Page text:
So a businessman and his son go into a downtown Miami hotel suite to meet with a potential client who might help boost their meager income. Instead, a man with whom they have a dispute steps out, shoots the father in the knee, drags the son up some stairs, then shoots him execution-style. The father escapes, gets out the door, and bangs on the door across the hall, leaving blood in the hall, but the import-export businessman in that room doesn’t hear a thing, including the shots that then kill the father. Neville Butler, who has been held hostage in the room since before the father and son arrived, is then released.
Following Butler’s call to the police, British businessman Krishna Maharaj is detained. After waiving his Miranda rights, he makes inconsistent statements to the investigators, who hold him long enough to discover that his fingerprints are in the hotel room, and Maharaj is arrested and charged with first-degree murder for the executions of Dwight and Duane Moo Young, former associates and now rivals for Maharaj’s Caribbean newspaper. The case goes to trial. Maharaj, a flamboyant millionaire, hires the lowest bidder, Mark Hendon, as his attorney. The trial proceeds in a swift and orderly manner, except that the presiding judge is replaced after three days of testimony. Based on fingerprint evidence, a ballistics expert’s identification of Maharaj’s gun, and Neville Butler’s testimony, Maharaj is given life in prison for Dwight’s murder, and the death sentence for Duane’s.
After several years, the case comes to the attention of Clive Stafford Smith, an attorney specializing in capital cases. On his own, taking time away from his fledgling non-profit practice focusing on Louisiana death penalty cases, Smith begins reviewing the case, and this open-and-shut case turns out to have been far more complex than the trial transcript would indicate. His early investigation turns up boxes of evidence and interview materials that hadn’t been made available to the defense, prosecutors’ notes indicating that they instructed the detectives and their chief witness how to perjure themselves, and witnesses that prove that Maharaj wasn’t even in Miami at the time of the killings. Some of his basic rights—over and above their violation of his Miranda rights—were not explained to him or put into practice. Forensic evidence was questionable, but Maharaj’s trial attorney didn’t cross-examine, and even rested without calling a single witness. Confident that the reams of documentary evidence show that Maharaj did not receive a fair trial and that his counsel was (to put it mildly) incompetent, Smith heads into the appeals process.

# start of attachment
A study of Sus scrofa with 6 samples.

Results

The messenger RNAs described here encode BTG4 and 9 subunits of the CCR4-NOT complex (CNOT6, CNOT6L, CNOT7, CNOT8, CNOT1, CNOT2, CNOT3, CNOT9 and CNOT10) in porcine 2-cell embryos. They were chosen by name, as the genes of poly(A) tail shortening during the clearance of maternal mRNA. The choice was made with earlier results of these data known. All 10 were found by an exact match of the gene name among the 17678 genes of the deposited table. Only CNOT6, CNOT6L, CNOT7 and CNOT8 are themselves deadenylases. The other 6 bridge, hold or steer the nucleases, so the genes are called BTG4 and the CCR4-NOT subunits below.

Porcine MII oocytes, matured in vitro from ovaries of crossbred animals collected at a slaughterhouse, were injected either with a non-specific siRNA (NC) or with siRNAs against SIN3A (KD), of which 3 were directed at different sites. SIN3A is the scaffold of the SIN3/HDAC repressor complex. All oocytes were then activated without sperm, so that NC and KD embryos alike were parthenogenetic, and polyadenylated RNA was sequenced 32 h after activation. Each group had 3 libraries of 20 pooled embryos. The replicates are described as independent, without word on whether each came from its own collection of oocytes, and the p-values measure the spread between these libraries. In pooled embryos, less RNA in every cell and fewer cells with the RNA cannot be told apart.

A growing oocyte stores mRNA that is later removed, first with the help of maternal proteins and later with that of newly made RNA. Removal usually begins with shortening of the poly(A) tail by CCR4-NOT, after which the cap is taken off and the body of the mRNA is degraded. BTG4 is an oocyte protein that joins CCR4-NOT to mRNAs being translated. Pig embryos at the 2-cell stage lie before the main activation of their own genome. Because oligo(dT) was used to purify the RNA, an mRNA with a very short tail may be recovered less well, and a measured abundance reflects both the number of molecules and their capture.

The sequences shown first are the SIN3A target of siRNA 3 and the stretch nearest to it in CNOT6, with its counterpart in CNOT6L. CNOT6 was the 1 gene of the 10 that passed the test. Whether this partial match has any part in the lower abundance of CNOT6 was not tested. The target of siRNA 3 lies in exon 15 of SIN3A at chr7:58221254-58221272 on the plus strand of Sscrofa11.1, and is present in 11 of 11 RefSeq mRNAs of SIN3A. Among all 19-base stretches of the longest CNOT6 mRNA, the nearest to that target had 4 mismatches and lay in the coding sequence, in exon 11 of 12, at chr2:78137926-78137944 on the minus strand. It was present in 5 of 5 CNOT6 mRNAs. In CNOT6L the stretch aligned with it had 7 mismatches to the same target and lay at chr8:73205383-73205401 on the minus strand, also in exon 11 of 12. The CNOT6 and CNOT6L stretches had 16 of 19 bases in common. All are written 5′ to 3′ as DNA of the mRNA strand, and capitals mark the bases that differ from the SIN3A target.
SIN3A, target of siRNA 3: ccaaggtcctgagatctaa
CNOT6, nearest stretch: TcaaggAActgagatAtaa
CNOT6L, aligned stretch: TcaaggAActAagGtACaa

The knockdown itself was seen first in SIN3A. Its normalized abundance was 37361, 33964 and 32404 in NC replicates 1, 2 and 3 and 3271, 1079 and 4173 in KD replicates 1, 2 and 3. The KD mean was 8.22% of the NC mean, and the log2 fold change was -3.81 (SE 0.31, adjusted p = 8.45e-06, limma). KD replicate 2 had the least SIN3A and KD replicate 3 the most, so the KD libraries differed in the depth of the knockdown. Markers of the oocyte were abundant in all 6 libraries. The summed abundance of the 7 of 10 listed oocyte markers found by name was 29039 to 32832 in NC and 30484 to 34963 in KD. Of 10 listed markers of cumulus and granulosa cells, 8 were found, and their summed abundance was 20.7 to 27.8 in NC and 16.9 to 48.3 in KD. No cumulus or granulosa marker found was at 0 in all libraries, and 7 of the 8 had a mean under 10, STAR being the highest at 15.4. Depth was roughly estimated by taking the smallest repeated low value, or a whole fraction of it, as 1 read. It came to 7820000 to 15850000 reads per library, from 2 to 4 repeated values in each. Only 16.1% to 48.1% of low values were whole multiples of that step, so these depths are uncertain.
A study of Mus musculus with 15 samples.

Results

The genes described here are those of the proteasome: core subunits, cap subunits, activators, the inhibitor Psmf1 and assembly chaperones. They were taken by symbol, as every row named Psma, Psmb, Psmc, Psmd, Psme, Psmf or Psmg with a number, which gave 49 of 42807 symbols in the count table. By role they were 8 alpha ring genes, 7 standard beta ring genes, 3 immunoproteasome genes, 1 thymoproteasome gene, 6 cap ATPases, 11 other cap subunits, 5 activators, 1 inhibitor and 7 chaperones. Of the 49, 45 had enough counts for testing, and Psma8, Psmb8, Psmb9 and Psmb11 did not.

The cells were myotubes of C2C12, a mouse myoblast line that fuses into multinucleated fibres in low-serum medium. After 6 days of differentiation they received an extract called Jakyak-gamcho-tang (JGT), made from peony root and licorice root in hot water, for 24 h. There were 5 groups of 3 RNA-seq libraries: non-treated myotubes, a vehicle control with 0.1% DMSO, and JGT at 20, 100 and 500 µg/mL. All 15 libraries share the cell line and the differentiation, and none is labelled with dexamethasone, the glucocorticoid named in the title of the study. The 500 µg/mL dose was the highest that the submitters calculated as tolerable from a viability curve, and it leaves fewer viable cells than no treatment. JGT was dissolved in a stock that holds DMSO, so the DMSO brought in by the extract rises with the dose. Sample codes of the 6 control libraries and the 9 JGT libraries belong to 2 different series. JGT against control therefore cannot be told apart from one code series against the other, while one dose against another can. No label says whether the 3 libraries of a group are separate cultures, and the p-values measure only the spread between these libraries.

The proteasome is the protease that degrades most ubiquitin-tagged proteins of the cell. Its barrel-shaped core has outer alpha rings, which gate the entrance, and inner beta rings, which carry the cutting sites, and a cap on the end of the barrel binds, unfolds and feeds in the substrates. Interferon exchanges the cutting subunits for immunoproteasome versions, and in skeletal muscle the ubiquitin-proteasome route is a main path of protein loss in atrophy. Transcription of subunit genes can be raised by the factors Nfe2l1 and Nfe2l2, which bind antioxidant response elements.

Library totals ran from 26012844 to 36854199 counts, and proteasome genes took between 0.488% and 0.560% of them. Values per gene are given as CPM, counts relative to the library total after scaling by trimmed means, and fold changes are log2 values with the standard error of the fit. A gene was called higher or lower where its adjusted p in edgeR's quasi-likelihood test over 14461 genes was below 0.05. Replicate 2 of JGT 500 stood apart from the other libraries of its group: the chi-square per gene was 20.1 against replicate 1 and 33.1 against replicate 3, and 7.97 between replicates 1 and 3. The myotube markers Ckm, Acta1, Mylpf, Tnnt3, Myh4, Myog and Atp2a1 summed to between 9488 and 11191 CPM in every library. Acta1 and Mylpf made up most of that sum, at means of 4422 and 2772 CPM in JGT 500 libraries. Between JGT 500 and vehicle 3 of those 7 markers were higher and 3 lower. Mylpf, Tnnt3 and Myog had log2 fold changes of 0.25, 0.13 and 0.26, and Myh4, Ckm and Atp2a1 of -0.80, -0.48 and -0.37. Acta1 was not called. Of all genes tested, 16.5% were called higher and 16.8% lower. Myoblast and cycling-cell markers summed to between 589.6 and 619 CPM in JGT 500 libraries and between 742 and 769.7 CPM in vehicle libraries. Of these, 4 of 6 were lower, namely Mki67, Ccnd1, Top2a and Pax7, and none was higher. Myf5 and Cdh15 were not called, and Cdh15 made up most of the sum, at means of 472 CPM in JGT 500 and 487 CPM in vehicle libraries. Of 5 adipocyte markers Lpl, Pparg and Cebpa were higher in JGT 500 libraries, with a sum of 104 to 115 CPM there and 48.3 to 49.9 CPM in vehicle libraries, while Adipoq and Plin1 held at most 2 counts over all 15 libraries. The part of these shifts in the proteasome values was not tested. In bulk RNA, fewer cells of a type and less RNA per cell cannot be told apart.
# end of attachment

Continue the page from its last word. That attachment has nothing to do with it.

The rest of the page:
But door after legal door is slammed in Maharaj’s face. The appeals courts won’t consider new evidence—it wasn’t presented in a timely manner and appellate courts don’t try the facts of the case. Each attempt to reopen the case takes months, if not years, to litigate, partially because a prosecutor won’t accept plentiful evidence that her colleagues convicted an innocent man. When he’s finally granted a new trial, Smith can’t introduce all the new evidence and Maharaj is again found guilty. But because the jury doesn’t prescribe the death penalty, Maharaj’s future opportunities for appeal are severely limited—capital cases usually get at least a cursory glance. Based on all the trials and appeals that go before, Maharaj’s last chance—a reprieve from Florida Governor Charlie Crist—is denied.
Unfortunately, as Smith details, Maharaj’s case is only one example of the miscarriage of justice that capital crimes nearly always involve. From personal experience and well-documented cases, Smith demonstrates that each individual misstep in the justice system that Maharaj experienced is echoed across the country, even in non-capital cases. Part of it is the culture, and he shows that from the patrol officer to the US Supreme Court, the fundamental conservatism of the law is geared towards convictions, not justice or even truth. The real poverty of this view is that convicting the innocent allows the guilty to go unpunished.
Smith’s writing is urgent, and his construction of the story maximizes both the drama and the documentation of his fundamental thesis. As he breaks the case down, the depth of the law enforcement and judicial errors becomes appallingly clear. The parallels he establishes between Maharaj’s case and convictions across the country point to the idea that the American justice system has reversed its supposed ideal. At the same time, his admiration for Maharaj (which is echoed by everyone from business associates to prison guards) as a man shines through. Even after being in prison since 1987—including 10 years on Death Row—Maharaj remains kind, gentle, and positive.
This is a timely book. States have begun to revisit their commitments to the death penalty after subsequent investigations and trials have freed other innocent people from Death Row. It is increasingly likely that people known to be innocent were executed anyway. If someone heeds Clive Stafford Smith’s plea to come forward and exonerate Krishna Maharaj, it would be a miracle; if others use his case to strengthen their calls for an end to the death penalty, it would be a huge step to ending the gaping flaws in our (in)justice system.